Portable Generators. Do it Right!

We just came off of 9 days without power after CT was hit with a freakish, pre-Halloween snowstorm that brought 12″ of snow to our area.  Trees, many still full of leaves, couldn’t handle the weight of a foot of wet heavy snow.   Downed trees and snapped branches ended up also bringing down power lines on a huge scale.

While almost all of our neighbors fled to hotels and friends’ houses, we survived the ordeal (rather easily) because of our portable generator system.  The generator, a 12 years-old Makita (Model G6100R, 4.8 kW) performed admirably for all 9 days.  We enjoyed power for heat (oil-fired furnace), water (240 volt well water pump), hot water (oil-fired), refrigerator, basement chest freezer, kitchen stove (propane), kitchen counter outlets, kitchen lights and other minimal lights.   The generator (which we ran for about 9 hours over 3 intervals between 7am and 11pm daily) not only kept us warm, but let us prepare typical meals in our lighted kitchen and enjoy them in our lighted dining room.

Needless to say, there has been a real buzz about generators since the storm hit.  Many have been sold as fast as retailers could get them and you couldn’t find an extension cord or gas container anywhere.  Unfortunately, many folks don’t understand the limitations of portable generators and the right way to plan and install them.

Here are some basics for planning a “portable” generator system.  In this discussion, I’m talking about a generator that is intended to be used for “emergency” conditions.  That means it must have the capacity to provide MINIMAL  power for survive.  This approach will be most cost effective because it will reduce the size of the system and reduce gas consumption  (availability is often a concern).   Obviously, you can buy as big a system as you want – even a whole house generator!


There are 3 components to the “system”:  the generator, the cord and the transfer switch.  Here’s what we have.  Perhaps it can give you an idea of what a simple system looks like.  Here is a photo of our Makita generator, the heart of the system. (I really wanted a similarly sized Honda back in 1999, but chose not to spend the   30% extra.  The Makita has not disappointed us).   At 4.8 kW (4800 watts) it is not a very large capacity machine- but it does offer both 120 and 240 volts.  We house it in a shed behind our house.  With the wheel kit,  it easily pushes out on a small deck that is level with the shed floor.  Manual start, 5 gallon gas tank (lasts about 9 hours which is what we run it per day)  Gas Costs: $20/day.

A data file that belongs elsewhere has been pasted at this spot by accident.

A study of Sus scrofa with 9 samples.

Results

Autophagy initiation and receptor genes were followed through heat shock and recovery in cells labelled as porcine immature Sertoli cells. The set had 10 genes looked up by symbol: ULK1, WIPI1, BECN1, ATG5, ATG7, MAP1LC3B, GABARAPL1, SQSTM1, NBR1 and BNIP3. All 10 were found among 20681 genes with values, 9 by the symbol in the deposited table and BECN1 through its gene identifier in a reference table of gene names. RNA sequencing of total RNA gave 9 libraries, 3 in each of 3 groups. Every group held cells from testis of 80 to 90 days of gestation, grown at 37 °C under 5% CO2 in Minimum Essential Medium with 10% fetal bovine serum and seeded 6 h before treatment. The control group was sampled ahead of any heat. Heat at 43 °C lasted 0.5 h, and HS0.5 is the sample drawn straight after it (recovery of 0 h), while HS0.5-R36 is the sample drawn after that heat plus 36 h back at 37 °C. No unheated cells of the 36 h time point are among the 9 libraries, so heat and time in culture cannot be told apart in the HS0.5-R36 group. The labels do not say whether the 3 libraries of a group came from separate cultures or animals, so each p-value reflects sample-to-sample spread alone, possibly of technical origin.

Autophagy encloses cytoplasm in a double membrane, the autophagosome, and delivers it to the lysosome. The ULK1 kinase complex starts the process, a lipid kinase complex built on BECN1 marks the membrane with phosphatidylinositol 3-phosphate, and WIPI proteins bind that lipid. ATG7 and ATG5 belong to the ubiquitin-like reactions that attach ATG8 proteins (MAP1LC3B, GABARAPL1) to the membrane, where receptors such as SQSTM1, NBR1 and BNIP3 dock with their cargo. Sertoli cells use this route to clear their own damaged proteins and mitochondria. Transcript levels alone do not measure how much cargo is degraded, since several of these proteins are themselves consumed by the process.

The cord runs from the generator (you can see it in the pic), through a basement window to the transfer switch that is located next to the main electrical panel.  The cord is sized based on the power it will carry and its length (voltage drops as length increases).  The cord’s plug and outlet need to mate with the profiles at the generator and the transfer switch.  Ours are the 4-pronged heavy duty type.  Instead of having to run through the basement window, it is possible to buy a 4th component for your system: a weather-proof exterior power inlet box into which you can plug the cord from the generator.  This is convenient, but adds additional material cost, as well as labor cost for your electrician to run a wire from the transfer switch to the outlet box.  We opted not to do this.



You can see the power cord from the generator coming into the bottom right of the transfer switch.  This switch has 6 (A-F)  15 amp, 120 volt circuits. Actually, the two center circuits are ganged to provide 240 volts for our well pump.  Above the switches you’ll notice 6 pop-out circuit breakers that protect each circuit.  At the bottom left you can see 2 wattage meters to monitor load and between them,what I really like, an extra “courtesy” outlet  just like the one that is often next to the main panel.  Our circuits are as follows: A: Stove/Kitchen Outlets, B: Refrig, C/D: Water Pump, E: Kitchen/Dining Lights, F: Furnace/Hot Water Heater.

This simple portable generator system has performed well for us.  We’ve never had a problem.  It’s been tested lately with Hurricane Irene, where we were without power for 3 days and now the Halloween Storm.  Except for wattage spikes at motor start-ups (which the generator has some excess capacity to absorb),  I never see the wattage meters “maxed” out.  Here’s a summary to planning:  First, determine what circuits you want (actually need) to power.  Those selected circuits will then determine  the  size transfer switch you need, which will dictate the size generator required.

You can do some of the planning.  Perhaps even buy all the equipment.  But do it right! Size the system correctly.  Use a transfer switch that is installed by a licensed electrician—and sleep well at night in your warm house powered by your generator, while your neighbors are down at the Holiday Inn.    Good Luck!  DN

I hope this is helpful. Comments are always welcome!